Population Control and, I Love Our Government, NOT
When I was born a hundred or so years ago there were about 2.5 billion souls walking the earth. Now, there are just shy of 8 billion. When earnest people talk about “going green” and “saving the planet” they ignore this inconvenient fact and, whatever else we do, if we don’t work to get this number down, substantially, the rest is akin to rearranging the deck chairs on the Titanic.
With that in mind I wish to humbly offer a group for consideration for culling: those that carry out pointless customer satisfaction surveys. Customer feedback is very important in working out how well, or badly, you are doing in business and what you need to improve. But that is ALL about listening to what your customer wants to tell you; it is absolutely not about getting your customer to rank a series of poorly structured, often irrelevant questions chosen by you.
Example: a few days ago, I ordered garden compost to assist me in my desire to produce at least some of my own food. I did this online and agreed to the delivery time as a part of the transaction. The company had to load bags on to a truck, drive to my house and drop them where I point. My only human interaction was to wish the truck driver good morning. I try to always be polite after all, point, and say thank you when he’s done.
So, what’s to rate? The product ordered was delivered when stated. This is binary, they did it: 5; or didn’t: zero. It is not amenable to any finer analysis, and yet they want me to rate their service on a five-point scale which incidentally never includes zero. Same thing when I came to PIE: two airlines and three hotel stays resulted in five customer satisfaction surveys, none of which allowed me to give any feedback on the issues that I wanted to address! Cull them, kill them, stop them wasting air and water. (Update, it’s now six, as the people that did my pre-flight Covid test also want a bloody review!)
Calm down Peter, this should be about parking, after all.
Once again, the UK government has raised the prospect of addressing the scourge of footway parking, and then almost immediately kicked it back into the long grass. Every year the government recognizes the need to take action to address footway parking and then does nothing. This May was the same. A resounding silence.
In 1835, when William IV was on the throne, a new law banned driving a “carriage” on the footway. The fine is up to $600 plus unlimited compensation for damages (to the footway). Back in the 1800s, nannies used to get prosecuted for pushing baby carriages along as, after all, it was a carriage. The law is still on the statute books, and it still can be used against car drivers.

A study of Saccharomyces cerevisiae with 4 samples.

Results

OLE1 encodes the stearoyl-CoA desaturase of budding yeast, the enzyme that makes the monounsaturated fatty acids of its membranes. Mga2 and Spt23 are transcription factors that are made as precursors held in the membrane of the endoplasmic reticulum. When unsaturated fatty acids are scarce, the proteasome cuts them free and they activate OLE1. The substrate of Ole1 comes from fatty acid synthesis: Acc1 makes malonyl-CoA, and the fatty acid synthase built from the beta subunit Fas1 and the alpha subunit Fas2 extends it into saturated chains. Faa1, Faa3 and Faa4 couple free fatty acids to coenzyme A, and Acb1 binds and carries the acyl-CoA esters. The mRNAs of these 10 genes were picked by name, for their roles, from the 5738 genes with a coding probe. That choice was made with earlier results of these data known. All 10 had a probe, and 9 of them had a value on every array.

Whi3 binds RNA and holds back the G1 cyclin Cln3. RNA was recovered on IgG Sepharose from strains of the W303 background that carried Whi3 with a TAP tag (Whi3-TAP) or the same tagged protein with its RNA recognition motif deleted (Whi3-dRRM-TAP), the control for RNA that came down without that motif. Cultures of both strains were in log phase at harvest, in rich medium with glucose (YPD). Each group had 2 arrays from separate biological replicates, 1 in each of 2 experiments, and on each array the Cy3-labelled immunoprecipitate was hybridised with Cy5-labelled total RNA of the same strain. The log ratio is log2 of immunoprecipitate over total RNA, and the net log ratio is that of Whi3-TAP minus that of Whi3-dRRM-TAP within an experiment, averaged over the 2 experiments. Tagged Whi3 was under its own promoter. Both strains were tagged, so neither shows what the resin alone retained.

But, and it’s a big but, it requires putting the driver in front of a magistrate, so it isn’t. Now the government could convert this to a ticketable offense almost with a single sentence law, but driving isn’t parking, so they keep promising, but failing to deliver, a new parking law. Presumably, in the government mind, the current law is not useable because of the risk of a miscarriage of justice when drivers who lift their cars onto the footway are unfairly penalized. Mind the flying pigs!
Remember E scooters? I am not a fan. Well, the jolly old British government agreed on some limited trials before making any decision on whether or not to allow their widespread use. It very quickly became obvious that they were being used dangerously, instead, often illegally, like on the footway; and often by people who were not allowed to ride them because of their age or lack of a driving license.
The result? The government will legislate to allow their widespread use. When I was younger, trials were to test things and to provide objective evidence upon which a rational, evidence-led decision could be made. Now it seems that the decision is made in advance of the trial and the evidence is used to justify the decision, even if it points to the opposite conclusion.
Meanwhile, as part of its green agenda the government has announced a $2bn fund for municipalities to increase access to EV charging facilities. Whoopee. The plan is to offer a massive uplift to the number of public charging points nationwide. Unfortunately, there seems to be no commitment to upgrade the power grid that will be required to make this happen. Presumably this will be funded by fairy dust. Cynical moi?
The motor industry’s take on this is rather more bleak. Some 12 months ago, there was one public charger for every 16 registered electric vehicles. The figure is now 1:32.